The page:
Confidence Drives Markets: Confidence Changes Faster Than Fundamentals

“Whenever we’re looking at something and how it affects markets, it’s not necessarily how fundamentals will change. It’s the confidence about those fundamentals. That’s why sometimes you see the market go a little crazy.” -Tom Lee

The stock market and consumer sentiment usually rise and fall in tandem. As consumers and investors become more optimistic about the state of the economy and their personal financial circumstances, stocks tend to rise. Similarly, when they become less confident about the economy, stocks usually fall. It’s often that simple, especially in the short run. Confidence detects market direction.
When consumers are confident in the future, they spend money and drive economic growth higher. When they aren’t confident, they save more than they spend, which restricts economic growth. Consumer confidence indices can be used as leading indicators for a broad economic turnaround. It can also be used to gauge the effectiveness of monetary policy, stimulus, or other measures. The University of Michigan Consumer Index is one of the chief sources investors often use to assess the consumer’s temperature.

Confidence Drives Markets: Confidence Changes Faster Than Fundamentals
Source: FRED

As you can see, drops in consumer confidence have been a key feature of recessions (highlighted in grey) over the past 40 years. At its core, consumer confidence is particularly important in that consumer spending is arguably the most vital component of the economy. There are other important measures of consumer confidence as well. The Consumer Confidence Index (CCI), and the Consumer Sentiment Index, are both based on a household survey and reported monthly. The CCI is one of the more accurate and closely watched economic indicators, based on a survey of five questions posed to 5,000 households, measuring their optimism on the economy’s health. But it’s widely viewed as a lagging indicator that tells us what has happened – not what will happen.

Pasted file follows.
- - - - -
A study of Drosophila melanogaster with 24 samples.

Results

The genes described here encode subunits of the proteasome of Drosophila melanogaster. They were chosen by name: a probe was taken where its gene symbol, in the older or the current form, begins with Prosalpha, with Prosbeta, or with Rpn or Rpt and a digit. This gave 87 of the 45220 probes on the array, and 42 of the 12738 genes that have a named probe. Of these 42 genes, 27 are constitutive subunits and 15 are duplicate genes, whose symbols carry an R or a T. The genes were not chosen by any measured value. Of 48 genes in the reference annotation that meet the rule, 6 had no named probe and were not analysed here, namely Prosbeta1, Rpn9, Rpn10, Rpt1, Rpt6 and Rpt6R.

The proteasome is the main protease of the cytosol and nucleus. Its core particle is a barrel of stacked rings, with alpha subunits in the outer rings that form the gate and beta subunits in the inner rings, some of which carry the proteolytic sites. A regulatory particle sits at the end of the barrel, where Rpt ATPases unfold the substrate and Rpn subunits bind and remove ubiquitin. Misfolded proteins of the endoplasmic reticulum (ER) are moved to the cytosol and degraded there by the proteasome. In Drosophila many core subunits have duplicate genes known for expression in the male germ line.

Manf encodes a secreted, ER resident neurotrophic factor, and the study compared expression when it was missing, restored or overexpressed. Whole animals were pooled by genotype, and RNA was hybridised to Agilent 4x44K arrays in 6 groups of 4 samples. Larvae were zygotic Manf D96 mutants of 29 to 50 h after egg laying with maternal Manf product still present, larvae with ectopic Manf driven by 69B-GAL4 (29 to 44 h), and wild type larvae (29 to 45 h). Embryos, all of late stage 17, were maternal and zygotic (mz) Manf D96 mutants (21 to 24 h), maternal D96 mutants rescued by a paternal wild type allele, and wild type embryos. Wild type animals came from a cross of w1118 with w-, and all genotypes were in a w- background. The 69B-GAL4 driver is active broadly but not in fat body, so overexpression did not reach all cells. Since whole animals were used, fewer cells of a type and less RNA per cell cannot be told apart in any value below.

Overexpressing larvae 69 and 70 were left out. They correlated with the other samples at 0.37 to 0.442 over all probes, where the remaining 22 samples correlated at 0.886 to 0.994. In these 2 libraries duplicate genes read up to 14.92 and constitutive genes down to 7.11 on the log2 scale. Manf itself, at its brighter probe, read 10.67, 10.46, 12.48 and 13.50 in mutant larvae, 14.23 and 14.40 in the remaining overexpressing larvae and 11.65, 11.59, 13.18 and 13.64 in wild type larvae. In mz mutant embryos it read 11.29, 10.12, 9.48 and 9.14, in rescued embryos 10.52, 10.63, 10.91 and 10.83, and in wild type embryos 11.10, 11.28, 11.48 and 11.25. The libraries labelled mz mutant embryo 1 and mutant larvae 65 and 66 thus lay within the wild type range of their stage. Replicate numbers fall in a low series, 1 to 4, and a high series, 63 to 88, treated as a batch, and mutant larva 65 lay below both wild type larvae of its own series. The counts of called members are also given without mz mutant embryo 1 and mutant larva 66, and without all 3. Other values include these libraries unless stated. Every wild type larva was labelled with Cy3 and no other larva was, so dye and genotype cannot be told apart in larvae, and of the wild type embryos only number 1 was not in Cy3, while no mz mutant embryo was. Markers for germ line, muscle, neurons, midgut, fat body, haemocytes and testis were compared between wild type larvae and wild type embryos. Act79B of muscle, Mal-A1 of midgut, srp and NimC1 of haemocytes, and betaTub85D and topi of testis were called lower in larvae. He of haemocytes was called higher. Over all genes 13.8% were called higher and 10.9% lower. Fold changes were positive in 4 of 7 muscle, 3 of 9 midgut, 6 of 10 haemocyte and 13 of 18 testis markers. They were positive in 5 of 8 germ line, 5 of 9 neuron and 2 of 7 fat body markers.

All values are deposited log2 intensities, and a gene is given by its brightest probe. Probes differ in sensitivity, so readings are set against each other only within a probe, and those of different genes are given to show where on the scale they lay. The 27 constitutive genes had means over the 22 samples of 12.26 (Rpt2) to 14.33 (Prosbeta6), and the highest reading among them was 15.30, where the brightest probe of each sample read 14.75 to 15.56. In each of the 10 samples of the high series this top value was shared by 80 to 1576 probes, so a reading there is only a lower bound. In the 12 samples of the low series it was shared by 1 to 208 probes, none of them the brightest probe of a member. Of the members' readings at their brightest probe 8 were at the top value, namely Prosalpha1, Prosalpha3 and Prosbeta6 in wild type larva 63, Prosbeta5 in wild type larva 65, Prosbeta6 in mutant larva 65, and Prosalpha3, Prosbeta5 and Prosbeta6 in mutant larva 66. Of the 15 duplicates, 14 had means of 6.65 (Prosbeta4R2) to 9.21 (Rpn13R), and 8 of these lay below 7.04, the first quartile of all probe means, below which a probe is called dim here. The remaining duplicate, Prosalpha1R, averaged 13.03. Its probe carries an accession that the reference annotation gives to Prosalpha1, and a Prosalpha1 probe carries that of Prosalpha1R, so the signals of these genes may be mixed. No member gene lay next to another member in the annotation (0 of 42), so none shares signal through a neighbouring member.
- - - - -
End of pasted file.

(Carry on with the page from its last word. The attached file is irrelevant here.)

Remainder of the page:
What result does increasing consumer confidence have on markets? Manufacturers increase production. Banks extend more credit. Real estate markets usually benefit from an increase in home sales.

What determines consumer confidence? The state of the economy, headlines, changes in house prices, unemployment rates, and inflation all factor. Falling home prices, for example, erode consumer confidence. Increased unemployment rates also negatively affect consumers’ confidence. Inflation is an indicator of too much growth, and the rise in prices can reduce consumers’ purchasing power and confidence.

Confidence Drives Markets: Confidence Changes Faster Than Fundamentals
Source: Visual Capitalist

In 2020 and 2021, investor confidence soared as the Federal Reserve stepped in with economic stimulus. Combined with the re-opening of the economy following the COVID-19 shutdowns, consumers grew increasingly optimistic, and the stock market posted strong returns in both 2020 and 2021. In the spring of 2022, however, sentiment dropped sharply, mostly on concern of the Federal Reserve’s desire to increase interest rates to curb inflation, as well as the Ukraine war.

But generally, the loss of confidence isn’t necessarily an ominous sign for stocks. When confidence in the market drops sharply over three months, the S&P 500 rises more than 20% over the next year. Thus, negative sentiment is often a reliable contrarian signal over time. This worked inversely last fall when markets hit all-time highs. Just as sentiment and confidence had soared, it was time to become less optimistic on markets. Conversely, when sentiment reaches abysmal historical lows, it might be a sign that brighter days for markets are ahead. Of course, these are just some of many indicators that must be used successfully with other vital pieces of data.